New research shows universal semantic structures

There is a lot of discussion going on wether some of our concepts are innate or if every concept is learned. Of cause Jerry Fodor always points out that some simple concepts have to be innate to get conceptualization even started.social_network_analysis_visualization

A new study shows that there is a universal structure of human lexical semantics. They used a method of double-translation and semantic networks to measure the proximity of meanings of concepts in 81 different languages. They write:

We propose a principled method to construct semantic networks
linking concepts via polysemous words identified by cross-linguistic
dictionaries. Based on the method, we found overwhelming evidence
that the semantic networks for different groups share a large amount
of structure in common across geographic and cultural differences.
Indeed, our results are consistent with the hypothesis that cultural
and environmental factors have little statistically significant effect on
the semantic network of the subset of basic concepts studied here.

Especially intersting are following points:

  1. The concepts they used for the test where concepts like SUN, MOON, MOUNTAIN, DAY, NIGHT etc. First of all these are the perfect examples for simple concepts, the concepts a theory like Fodors Language of Thought Hypotheses needs.
  2. It is very easy and imaginable to tell a story of evolutionary selection why exactly this concepts are universal. In the beginning of human life and in the evolution of other species it is pretty nice to represent features of your environment.
  3. This are concepts you expect to be at least dependent on the georgraphical region where the language occurs. Maybe the concepts like MOUNTAIN are more important when you life in the Hymalaja then when you life in a region of plains. But the study shows that the universal semantic structure is not dependent on any geographical or cultural influence.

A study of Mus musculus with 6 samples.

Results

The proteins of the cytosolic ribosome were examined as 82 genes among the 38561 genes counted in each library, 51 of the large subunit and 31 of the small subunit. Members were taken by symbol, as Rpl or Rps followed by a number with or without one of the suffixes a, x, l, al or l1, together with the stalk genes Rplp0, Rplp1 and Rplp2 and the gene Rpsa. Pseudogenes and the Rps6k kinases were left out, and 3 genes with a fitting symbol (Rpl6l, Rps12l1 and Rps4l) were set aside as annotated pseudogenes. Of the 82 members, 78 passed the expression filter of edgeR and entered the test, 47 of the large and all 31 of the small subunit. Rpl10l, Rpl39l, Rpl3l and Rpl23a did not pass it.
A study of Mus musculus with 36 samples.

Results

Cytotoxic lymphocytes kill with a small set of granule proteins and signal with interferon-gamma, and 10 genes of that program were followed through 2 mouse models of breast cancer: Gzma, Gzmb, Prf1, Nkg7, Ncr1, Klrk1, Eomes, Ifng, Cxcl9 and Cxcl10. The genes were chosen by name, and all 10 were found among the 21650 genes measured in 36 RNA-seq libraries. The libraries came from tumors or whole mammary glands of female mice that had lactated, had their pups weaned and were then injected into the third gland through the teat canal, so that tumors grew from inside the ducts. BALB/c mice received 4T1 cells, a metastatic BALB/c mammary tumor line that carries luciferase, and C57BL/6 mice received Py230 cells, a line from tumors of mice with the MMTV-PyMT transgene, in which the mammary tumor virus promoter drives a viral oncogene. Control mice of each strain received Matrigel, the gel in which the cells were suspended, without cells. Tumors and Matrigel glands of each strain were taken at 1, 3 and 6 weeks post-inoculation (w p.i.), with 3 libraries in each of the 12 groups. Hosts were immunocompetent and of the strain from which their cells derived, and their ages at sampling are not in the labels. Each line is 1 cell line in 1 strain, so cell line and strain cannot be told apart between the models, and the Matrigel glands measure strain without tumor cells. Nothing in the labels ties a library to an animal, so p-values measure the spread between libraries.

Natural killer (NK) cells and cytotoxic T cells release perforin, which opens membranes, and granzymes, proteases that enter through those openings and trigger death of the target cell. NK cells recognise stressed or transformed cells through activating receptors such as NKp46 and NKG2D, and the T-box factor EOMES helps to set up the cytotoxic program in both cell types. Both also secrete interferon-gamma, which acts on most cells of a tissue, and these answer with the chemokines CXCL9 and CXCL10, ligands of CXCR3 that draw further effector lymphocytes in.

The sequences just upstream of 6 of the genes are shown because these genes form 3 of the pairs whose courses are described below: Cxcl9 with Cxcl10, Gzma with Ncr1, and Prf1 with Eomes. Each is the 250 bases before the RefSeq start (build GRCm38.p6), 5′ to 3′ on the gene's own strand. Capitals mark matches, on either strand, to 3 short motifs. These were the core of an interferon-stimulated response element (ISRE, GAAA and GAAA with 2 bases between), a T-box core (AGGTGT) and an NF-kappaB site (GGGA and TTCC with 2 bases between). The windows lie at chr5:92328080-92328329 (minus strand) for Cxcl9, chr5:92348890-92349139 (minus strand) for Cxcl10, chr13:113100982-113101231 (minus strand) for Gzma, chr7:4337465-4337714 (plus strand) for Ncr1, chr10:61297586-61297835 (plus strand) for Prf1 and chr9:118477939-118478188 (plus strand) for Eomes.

Of cause we can study concepts only indirect by looking at language. And the authors recognise this problem. That is why they try to provide a quantitative method to compare meanings of concepts. This study at least makes it plausible that some of our concepts are just universal and innate.

You can find the paper of the study here.



  1. Sun, moon, mountains, day and night are to be found in most environments on earth. If most languages have words for these, that might point to a shared innate cognitive structure, but can also be a result of these things being present everywhere. They are universal parts of our natural environment. So these authors might just find what they want to find. Language universals, on the other hand, should be features or language that could be different but are always the same, even if there is nothing in the environment or in the process of communication that motivates them, and they should not be explainable as results of either genetic relationship of the languages (i.e. being inherited from a comon ancestor language) or results of contact (regional features).


    1. The study is not about words but about concepts or meanings if you like. They map meanings an weigh the connections between the concepts that are involved. (This method is discribed in the paper) So it is not about every language have word for the sun but about the connections of the meanings for example between sun and heat etc. And the result is that there is a significant clustering of meanings even though there are different words in different languages. And even though some regions will have different features of environment and though the speakers are more fimilar for example with a concept of a mountain as of the sea the weightings of connections between the concepts is not significantly different.